Flexible arrangements enabling employees to work from home are quickly becoming the new normal across many companies. In part, it’s a reflection of a digital workplace where collaborative tools like Slack and Google Hangouts pull together teams across locations. It’s also part of a holistic approach to wellness at work that hypothesizes that productivity and happiness levels rise in environments with flexible policies. In the UK, 68% of businesses are reported to have a work from home policy and 73% of employees now expect this from a company.
Policy or not, we find ourselves currently in a unique situation with the spread of coronavirus, and the implications this has on self-isolation and working from home. While this is a comfortable or appealing prospect for some, working from home – especially if expected to extend over more than a day or two – is a new uncomfortable reality to adjust to for many. Not every person was made to work from home, nor was every home created to be worked from. However, there are ways to adjust the home for productivity and here are some you can implement right away.
CLEAR SPACE, CLEAR MIND
According to a study published in Forbes, about 57% of people think that one’s work directly correlates with the tidiness of their office. Unless you have the luxury of a home office, you’ll need to find somewhere to work productively; and that may well end up being the kitchen table. Before you get going, there are a few easy adjustments you can make to the room. First, completely clear your space from clutter associated with your morning or evening routines. Becky Stanton, a professional work sanctuary expert, believes “ a cluttered home creates a cluttered mind”. Our subconscious gets distracted and whether we realise it or not, we get less done. Secondly, delineate the time for meals and the time for work. If you don’t stick to a fixed lunch hour you may find yourself floating to the fridge every 15 minutes and disrupting your pattern, as well as the cleanliness of the room.
If you have a lamp or desk light, grab it and get it on the table. Desk lamps are extremely helpful for our eyes as the light from the lamp focusses us and reduces eye strain as we work. Ambient lighting makes reading easier as the glare is minimised. You’ll also need to make sure you get enough natural light during the day to keep alert and fight off any feelings of claustrophobia. Remember to break from the screen for 5-10 minutes every hour, take a walk or position yourself near natural light in the home for a coffee break.
Now is the time to bring in a way to connect with the outside world, whether that’s colleagues, friends or family. There are a number of smart home tools on the market but one to recommend is Facebook Portal. In brief, it’s the closest you can get to feeling like you’re in the same room with those you’re calling. As well as streaming the call from the largest screen in your house, the Smart Camera adjusts to your movements to follow you in the room, as well as widening up as necessary to keep everyone in the frame. Smart Sound also enhances the voice of whoever is speaking and zones out background noise. Starts at £79.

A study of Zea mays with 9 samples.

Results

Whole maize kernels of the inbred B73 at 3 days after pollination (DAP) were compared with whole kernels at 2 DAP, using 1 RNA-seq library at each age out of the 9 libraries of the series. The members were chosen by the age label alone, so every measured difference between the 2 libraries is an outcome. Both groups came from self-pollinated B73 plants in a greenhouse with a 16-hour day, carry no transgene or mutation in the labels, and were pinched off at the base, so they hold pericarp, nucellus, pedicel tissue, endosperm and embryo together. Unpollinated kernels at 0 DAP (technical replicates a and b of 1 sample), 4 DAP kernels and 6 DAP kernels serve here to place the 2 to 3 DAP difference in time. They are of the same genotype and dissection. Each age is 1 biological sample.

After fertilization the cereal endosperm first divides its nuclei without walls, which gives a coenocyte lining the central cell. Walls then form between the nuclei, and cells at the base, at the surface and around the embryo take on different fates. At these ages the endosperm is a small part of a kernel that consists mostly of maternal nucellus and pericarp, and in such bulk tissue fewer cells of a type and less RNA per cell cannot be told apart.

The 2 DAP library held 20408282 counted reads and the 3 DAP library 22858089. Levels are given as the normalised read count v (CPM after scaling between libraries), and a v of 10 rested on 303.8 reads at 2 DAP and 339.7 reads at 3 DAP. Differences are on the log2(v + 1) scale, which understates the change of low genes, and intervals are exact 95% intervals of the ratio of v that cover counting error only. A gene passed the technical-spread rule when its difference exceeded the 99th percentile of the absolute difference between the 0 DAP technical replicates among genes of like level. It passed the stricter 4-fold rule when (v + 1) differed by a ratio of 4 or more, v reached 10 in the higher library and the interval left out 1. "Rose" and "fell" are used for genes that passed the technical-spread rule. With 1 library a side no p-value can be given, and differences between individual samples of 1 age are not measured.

TIME TO INVEST IN A STAND-UP DESK?
According to the World Health Organization, a sedentary lifestyle is a significant risk factor for developing non-communicable diseases such as heart disease, diabetes, stroke, and cancer. If you do have a home office, and you plan on spending more time in it, you can make modest purchases to create your version of a standup desk – without having to invest in the full solution. VariDesk, who do specialise in the full stand up solution, also create desk convertors, height-adjustable standing desks to sit atop your existing desk and allow you to stretch out for a bit.
MAKE ADJUSTMENTS TO YOUR CHAIR
Unless you’re blessed with an ergonomic chair, there are edits you can easily make to your existing chairs. A seat cushion is one purchase to make on Amazon. Supportiback offers an award-winning one. With memory foam and CoolGel, it adapts to your shape and takes the pressure off your coccyx to avoid any pain from sitting down too long. You can also pick up an ergonomic footrest to improve blood circulation and decrease pressure on your legs, so they don’t hurt after prolonged sitting down.
According to The Guardian, employees are 15% more productive when their workplaces have a few houseplants. If you’re working from home, plants can get you psychologically engaged and help relax you in uncertain times. It’s likely you’ll start getting conscious of the fact that you’ve been within these four walls for a few days so an injection of novelty, beauty and nature into the room will freshen the mind and attitude. Check out these startups for speedy delivery to your door.
AND FINALLY, SET BOUNDARIES
Unless you live alone you are going to have to start thinking about how you share the space with friends and family when all working from home. On average it takes around 23 minutes to refocus once you’ve been interrupted. This means, while it may be fun for the first day, frustration will become an issue at the point where you struggle to take calls or get some real work done. Make sure you have a frank discussion about your space and how to divide it up. If you’re all around the kitchen table, designate times for quiet work – i.e. chat-free – and then maybe open up the late afternoon for a more relaxed environment.
Lastly, be strict about your office hours and stick to what you would at work. It’s easy to let your work creep into the evening, and equally hard to get going in the morning. Get showered, dressed and take on the To Do list. That way, getting back to work won’t be a shock to the system.
HomeHero is a digital home manager, taking care of your chores, bills, maintenance and admin, to free up your time for what matters most.